Wedding Invitations: Tips and Ideas
If you’re one of the many couples planning a summer wedding, you’re probably thinking about getting your wedding invitations and save-the-date cards out after the first of the year. The invitations set the stage for your wedding. It’s the first opportunity you have to share the style of your celebration. You’ll want to have an idea of what type of ceremony you’re having, classic or modern, elegant or casual. When you order your invitations, you’ll want to consider other wedding stationery, such as menu cards, ceremony programs and thank-you notes, that carry your motif and colors throughout the event.
Making Your Wedding Invitations
Here are some tips and ideas you’ll want to keep in mind when you make your invitations:
- Choose your wording carefully. Learn the rules of how your invitation should be worded. Traditionally, it’s the host of the celebration who is listed first. If you are dealing with multiple sets of parents, you may choose something different to honor everyone. Don’t put too much information on the card. Print separate enclosure cards for directions to the venue and travel information.
- Don’t include registry information in your invitations. Put it on your wedding website and tell your family for when guests ask.
- Order invites and other stationery together and early. This saves you time, money and stress.
- Double or even triple check everything that is printed. Have two or three different people look at the proofs to ensure nothing is missed, misspelled or incorrect.
- Get creative with fonts and coloring, but make sure the invitation is readable.
- When ordering invitations, count mailing addresses, not guests. But remember to add a few extra invites to avoid having to run a reprint later on.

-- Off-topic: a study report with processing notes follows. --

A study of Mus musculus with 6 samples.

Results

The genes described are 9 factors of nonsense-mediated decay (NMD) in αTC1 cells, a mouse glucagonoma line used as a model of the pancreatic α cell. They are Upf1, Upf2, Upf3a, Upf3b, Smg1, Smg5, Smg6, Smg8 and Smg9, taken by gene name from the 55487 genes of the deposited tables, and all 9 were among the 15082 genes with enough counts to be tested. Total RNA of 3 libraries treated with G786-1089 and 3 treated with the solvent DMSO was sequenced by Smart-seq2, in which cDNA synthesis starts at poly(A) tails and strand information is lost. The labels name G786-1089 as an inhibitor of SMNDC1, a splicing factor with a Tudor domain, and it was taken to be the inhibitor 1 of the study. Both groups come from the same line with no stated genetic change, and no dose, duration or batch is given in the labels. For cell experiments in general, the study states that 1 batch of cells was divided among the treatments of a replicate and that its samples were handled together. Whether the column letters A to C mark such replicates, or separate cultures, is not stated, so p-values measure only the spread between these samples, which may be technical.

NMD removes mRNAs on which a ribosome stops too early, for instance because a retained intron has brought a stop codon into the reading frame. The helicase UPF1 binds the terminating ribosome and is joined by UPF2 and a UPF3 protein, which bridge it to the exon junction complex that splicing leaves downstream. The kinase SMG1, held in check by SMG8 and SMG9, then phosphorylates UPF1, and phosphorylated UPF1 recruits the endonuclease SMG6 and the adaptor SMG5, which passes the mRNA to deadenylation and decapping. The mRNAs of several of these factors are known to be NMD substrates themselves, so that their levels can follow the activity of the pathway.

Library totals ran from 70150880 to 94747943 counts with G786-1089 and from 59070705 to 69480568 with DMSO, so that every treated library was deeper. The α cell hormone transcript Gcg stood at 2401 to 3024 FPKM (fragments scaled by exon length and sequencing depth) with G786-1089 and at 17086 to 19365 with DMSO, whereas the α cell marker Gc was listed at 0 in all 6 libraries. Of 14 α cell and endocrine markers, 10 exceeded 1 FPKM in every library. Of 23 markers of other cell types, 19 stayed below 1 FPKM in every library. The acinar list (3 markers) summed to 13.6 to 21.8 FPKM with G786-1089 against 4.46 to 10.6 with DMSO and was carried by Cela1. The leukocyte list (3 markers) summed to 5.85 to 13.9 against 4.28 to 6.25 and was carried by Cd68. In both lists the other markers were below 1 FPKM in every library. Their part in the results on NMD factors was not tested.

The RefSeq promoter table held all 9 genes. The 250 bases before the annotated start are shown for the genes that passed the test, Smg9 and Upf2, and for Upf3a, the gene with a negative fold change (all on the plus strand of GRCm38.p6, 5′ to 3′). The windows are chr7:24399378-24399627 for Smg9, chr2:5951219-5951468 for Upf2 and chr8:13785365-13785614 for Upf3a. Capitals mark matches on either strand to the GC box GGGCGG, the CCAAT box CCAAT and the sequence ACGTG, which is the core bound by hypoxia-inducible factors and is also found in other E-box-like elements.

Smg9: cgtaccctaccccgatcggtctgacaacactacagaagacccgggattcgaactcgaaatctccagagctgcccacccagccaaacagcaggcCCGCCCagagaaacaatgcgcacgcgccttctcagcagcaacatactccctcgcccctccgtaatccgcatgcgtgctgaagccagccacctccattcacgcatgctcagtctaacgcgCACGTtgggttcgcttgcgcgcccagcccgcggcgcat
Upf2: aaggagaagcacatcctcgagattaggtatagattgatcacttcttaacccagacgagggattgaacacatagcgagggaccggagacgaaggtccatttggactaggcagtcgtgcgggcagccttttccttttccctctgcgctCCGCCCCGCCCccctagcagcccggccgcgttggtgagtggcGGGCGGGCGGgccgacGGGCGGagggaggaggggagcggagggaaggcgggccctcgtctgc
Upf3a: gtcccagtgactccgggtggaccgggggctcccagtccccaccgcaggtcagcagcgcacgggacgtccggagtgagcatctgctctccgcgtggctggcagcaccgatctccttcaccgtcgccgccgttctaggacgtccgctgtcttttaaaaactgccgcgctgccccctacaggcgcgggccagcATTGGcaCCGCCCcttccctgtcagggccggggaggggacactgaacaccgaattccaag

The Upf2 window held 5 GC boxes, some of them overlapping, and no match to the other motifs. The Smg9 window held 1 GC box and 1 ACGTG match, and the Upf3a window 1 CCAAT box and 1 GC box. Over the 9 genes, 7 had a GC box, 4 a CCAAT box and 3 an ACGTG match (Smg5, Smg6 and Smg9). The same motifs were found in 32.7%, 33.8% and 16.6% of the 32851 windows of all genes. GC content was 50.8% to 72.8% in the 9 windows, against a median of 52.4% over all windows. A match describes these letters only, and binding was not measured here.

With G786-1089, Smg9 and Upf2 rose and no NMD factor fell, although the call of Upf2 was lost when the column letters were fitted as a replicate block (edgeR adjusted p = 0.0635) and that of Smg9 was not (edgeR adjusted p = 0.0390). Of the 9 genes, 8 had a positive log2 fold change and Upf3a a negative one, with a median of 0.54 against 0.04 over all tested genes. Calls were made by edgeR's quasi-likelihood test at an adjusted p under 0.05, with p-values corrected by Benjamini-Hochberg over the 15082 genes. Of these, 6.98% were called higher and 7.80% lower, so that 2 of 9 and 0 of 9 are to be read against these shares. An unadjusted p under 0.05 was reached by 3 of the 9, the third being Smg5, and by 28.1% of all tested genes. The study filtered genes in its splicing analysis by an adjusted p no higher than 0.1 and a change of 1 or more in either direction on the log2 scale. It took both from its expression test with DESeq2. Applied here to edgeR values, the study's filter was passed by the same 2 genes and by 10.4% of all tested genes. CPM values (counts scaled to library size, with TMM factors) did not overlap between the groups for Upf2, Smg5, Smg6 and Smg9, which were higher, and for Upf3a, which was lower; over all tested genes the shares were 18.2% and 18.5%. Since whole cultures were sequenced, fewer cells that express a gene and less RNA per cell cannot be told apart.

- Send an invite if you’ve sent a save-the-date card. Even if you know the guests cannot attend, send the invitation, because not doing so implies that the guest is no longer invited.
- It’s recommended that you send invitations about six to eight weeks prior to the wedding, but 10 weeks is becoming the norm in these busy times. You have to remember not to send invites too early, because people forget to RSVP. Sending invites too late doesn’t give you enough time to get responses to tell your caterer an official head count.
- When putting an RSVP deadline on the card, give yourself a few extra days between the real date and the date you tell people. For example, you have to give your caterer a head count on June 1. Make the RSVP deadline on May 24, a full week earlier. If you have to spend time calling people, you won’t be so stressed. Giving people a short time to respond makes them take care of it quicker. You might even choose to move the date up even more.
- Help your guests respond to invites with all the information that you require. You might be surprised how many people forget to write their names on the reply cards or just forget to respond at all. Discreetly number the reply cards to correspond to the list of guest names, or consider pre-printing a label for the reply card.
Making Your Wedding Invitations: Outside the Envelope
- Don’t use address labels on the envelope. Hand write them yourself or ask your bridal party to help. If you’re concerned about making mistakes, just get a few extra envelopes. The hand-written address makes the invite feel more personal.
- Get a glue stick to seal the envelopes without damaging the invites.
- Be careful about the outside of the envelope. Use a dark-color ink to address the envelopes to make sure it can be read.
- Check the correct the postage before you mail. Take one envelope with the reply cards inside to the post office and have it weighed and examined. To be sure that the clerk got it correct, mail an invite to yourself before you send out the others.